Monday, 21 May 2007
The roof came off, and the timer started ticking. For a week, then a week and a half, the sky every morning was bright blue and full of songbirds and fluffy white clouds. The workers swarmed around on the second floor, measuring things, knocking down the soffit and fascia and downspouts (along with about 15 tons of dust), discovering all kinds of interesting doodads pressed into service through the years to hold up the house.
The builder decided to put a few courses of bricks up on top the adobe walls, to better hold up the heavy new roof and ceilings and skylights. Safe in our deck chairs at the patio table we watched the work, and wondered: All the sky-level entertainment aside, when were they going to put the roof back on? Sometimes it rains here, and this house is, after all, made of mud. Add enough water, and the walls will happily liquefy.
"No te preocupes!" Mario said. Have faith!
"If it rains, we'll clean it up!" Fran said. "The whole place is gonna be replaced anyway!"
So... No worries. Long as the sky stayed blue.
So it had to happen. On Saturday afternoon the sky turned black on one side and the wind picked up.
The clouds stacked up for a couple of hours. Then at dusk, with a flourish of lightning and thunder they dumped a fast couple of centimeters of water straight into the wide-open second floor. It didn't seem to do too much damage, really. On Sunday morning there were just a few dark spots on the ceilings of the first-floor rooms. Uh-oh, I thought. Outside I heard a distant thunder.
I grabbed Paddy, who grabbed a bunch of plastic shopping bags, and we stuffed the family photo albums inside and stashed those in the despensa-cave. We put a big tarpaulin over top the giant china cupboard/bookshelf in the salon, which is still loaded to the gills with books and papers and assorted doodads of lesser degrees of personal attachment.
Then, like good Christians, we went to Mass. And while we were there, just as dear old Don Santiago was saying how welcome it is in a farming town when rain arrives, it did just that. A roar filled the church as the skies opened, and the fountains of the deep were broken up, and it frickin' rained for the next 24 hours solid. (during his prayers Don Santiago did mention "those without roofs." Thanks, man.)
It was a dark day indeed. Within an hour we learned the downside of that upstairs hallway that tilts drunkenly westward -- the water bounced off the walls upstairs, rolled across the floors and downhill to the bedroom walls. From there it's a short trip south through the ceiling and into the salon...the only truly finished room in the house.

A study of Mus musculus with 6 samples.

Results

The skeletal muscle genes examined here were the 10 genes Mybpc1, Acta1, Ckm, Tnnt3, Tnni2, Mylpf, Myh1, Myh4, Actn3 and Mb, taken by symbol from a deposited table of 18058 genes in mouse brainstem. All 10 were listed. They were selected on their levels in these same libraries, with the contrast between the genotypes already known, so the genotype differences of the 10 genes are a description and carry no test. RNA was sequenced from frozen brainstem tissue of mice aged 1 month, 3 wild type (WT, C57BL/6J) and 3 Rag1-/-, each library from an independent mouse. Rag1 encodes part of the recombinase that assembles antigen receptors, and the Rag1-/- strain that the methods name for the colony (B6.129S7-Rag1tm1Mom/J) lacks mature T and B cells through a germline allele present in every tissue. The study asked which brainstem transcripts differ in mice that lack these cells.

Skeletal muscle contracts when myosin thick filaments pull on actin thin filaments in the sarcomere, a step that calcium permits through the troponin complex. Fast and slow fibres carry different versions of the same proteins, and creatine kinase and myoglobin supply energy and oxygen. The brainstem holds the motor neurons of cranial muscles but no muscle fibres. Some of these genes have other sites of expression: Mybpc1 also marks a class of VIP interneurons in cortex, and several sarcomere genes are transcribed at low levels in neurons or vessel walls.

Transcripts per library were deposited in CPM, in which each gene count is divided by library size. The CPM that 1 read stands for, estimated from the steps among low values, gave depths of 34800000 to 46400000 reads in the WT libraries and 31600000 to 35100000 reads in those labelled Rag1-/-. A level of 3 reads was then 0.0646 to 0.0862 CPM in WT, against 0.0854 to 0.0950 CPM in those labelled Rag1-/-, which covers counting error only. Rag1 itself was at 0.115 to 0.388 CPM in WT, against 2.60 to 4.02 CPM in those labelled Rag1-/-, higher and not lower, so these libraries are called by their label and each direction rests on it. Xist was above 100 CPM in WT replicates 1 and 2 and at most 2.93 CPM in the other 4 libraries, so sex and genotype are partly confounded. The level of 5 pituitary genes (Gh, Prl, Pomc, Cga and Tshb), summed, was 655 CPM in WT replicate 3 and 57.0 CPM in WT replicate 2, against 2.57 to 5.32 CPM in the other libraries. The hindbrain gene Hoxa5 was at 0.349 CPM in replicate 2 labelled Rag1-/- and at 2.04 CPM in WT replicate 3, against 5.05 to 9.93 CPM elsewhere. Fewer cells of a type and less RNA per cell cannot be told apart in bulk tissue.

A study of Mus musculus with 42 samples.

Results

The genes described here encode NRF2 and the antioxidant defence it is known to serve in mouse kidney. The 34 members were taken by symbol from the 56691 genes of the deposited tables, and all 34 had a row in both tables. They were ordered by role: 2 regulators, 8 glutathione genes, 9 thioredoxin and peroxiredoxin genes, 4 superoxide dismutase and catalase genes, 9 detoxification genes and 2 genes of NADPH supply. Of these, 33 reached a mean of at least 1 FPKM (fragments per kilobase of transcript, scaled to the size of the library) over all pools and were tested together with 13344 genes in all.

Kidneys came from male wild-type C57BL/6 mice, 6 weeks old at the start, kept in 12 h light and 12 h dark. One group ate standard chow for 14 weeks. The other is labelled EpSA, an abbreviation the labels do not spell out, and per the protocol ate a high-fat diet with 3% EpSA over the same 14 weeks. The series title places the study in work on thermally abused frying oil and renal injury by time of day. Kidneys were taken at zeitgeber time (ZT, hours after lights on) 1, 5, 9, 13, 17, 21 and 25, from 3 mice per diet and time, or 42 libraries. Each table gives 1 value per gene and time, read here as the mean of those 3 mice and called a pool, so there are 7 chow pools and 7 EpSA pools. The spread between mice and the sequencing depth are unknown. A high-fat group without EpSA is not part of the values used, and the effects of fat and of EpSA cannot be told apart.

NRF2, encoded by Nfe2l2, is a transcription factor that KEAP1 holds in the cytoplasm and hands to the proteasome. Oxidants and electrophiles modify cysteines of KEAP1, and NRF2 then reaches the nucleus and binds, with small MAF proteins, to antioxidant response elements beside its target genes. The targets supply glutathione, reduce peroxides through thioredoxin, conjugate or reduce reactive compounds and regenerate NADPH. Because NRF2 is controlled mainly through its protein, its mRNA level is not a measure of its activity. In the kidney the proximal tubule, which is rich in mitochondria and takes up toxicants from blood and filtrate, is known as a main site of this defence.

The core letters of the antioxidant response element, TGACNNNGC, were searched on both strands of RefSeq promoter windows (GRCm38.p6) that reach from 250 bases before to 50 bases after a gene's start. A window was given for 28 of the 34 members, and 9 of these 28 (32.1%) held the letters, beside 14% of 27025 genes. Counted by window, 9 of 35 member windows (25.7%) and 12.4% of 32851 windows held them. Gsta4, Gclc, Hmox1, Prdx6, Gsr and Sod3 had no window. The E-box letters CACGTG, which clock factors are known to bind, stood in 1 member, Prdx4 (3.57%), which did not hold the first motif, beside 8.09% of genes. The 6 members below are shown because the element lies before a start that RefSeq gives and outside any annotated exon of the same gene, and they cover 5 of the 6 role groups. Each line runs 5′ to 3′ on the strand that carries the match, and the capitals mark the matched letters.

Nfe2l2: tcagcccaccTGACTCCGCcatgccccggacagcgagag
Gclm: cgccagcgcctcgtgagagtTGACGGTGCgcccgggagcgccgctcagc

The water roared like thunder through ceiling all during the afternoon and night, and filled up every tub and bucket we have. I got up twice in the night to empty the overflow; the electricity shorted out; I began to wonder how safe Ryan is, sleeping in the next room. (He is as completely un-fazed by the house flowing past as any 20-something backpacker can ever be, zuzzing away in there as mud streaks down the walls and a veritable brook babbles around his bed and out his door. God bless him.) (It may be youth. Or it could be his share of those ice cream bars, or the three bottles of wine we somehow got through yesterday, medicating our troubled hearts, blending our whines into three-part harmony.)
The rain finally slacked off early this morning, but the paper says to expect more. The salon is still dripping. What furniture remained in there -- a dining table, the lurid Art Deco bar, and the big shelf unit -- will likely have water damage round their bottoms, where they're standing in a half-inch of water. The floor is shiny white tile, and surprisingly watertight down there at the deep end.
Now that the sun is threatening to shine we can be more philosophical. The salon is now a lovely environment for ducks, or perhaps a "Water Feature." All the May magazines of "Casas de Campo" and "El Mueble" (Spanish decor magazines, known hereabouts as 'builder porn') are touting "outdoor living trends," so it looks like we're right here on the cutting edge, even in backward ol' Moratinos! When the builders do decide to take out the ceilings they won't have a dust problem. And we can now boast about having indoor running water without the bother and expense of plumbing.
Paddy's out walking the dog. Ryan made sweet-corn and black-bean salsa, and we bought some super-fresh liver for dinner, and the chickens gave us THREE eggs today, a record! Paddy loves those chickens; they are certainly the most philosophical creatures in the place. They have a roof over their little Chick N Shak, but it leaks. And you don't hear them complaining.
The builders didn't show up this morning. Paddy phoned Mario to ask where he was.
"Did it rain there?" Mario asked. "Yeah. Lots," Paddy told him.
"Did it come in the house?"
"In the house, and through the house. It's a disaster."
"No te preocupes," Mario said. "The walls are mud. But they're fat mud. Two feet thick of mud! You got no worries, man!"
"Come over here then and bring some plastic before the ceiling comes down," Paddy said.
No can do, Mario told him. "It's too wet today to work."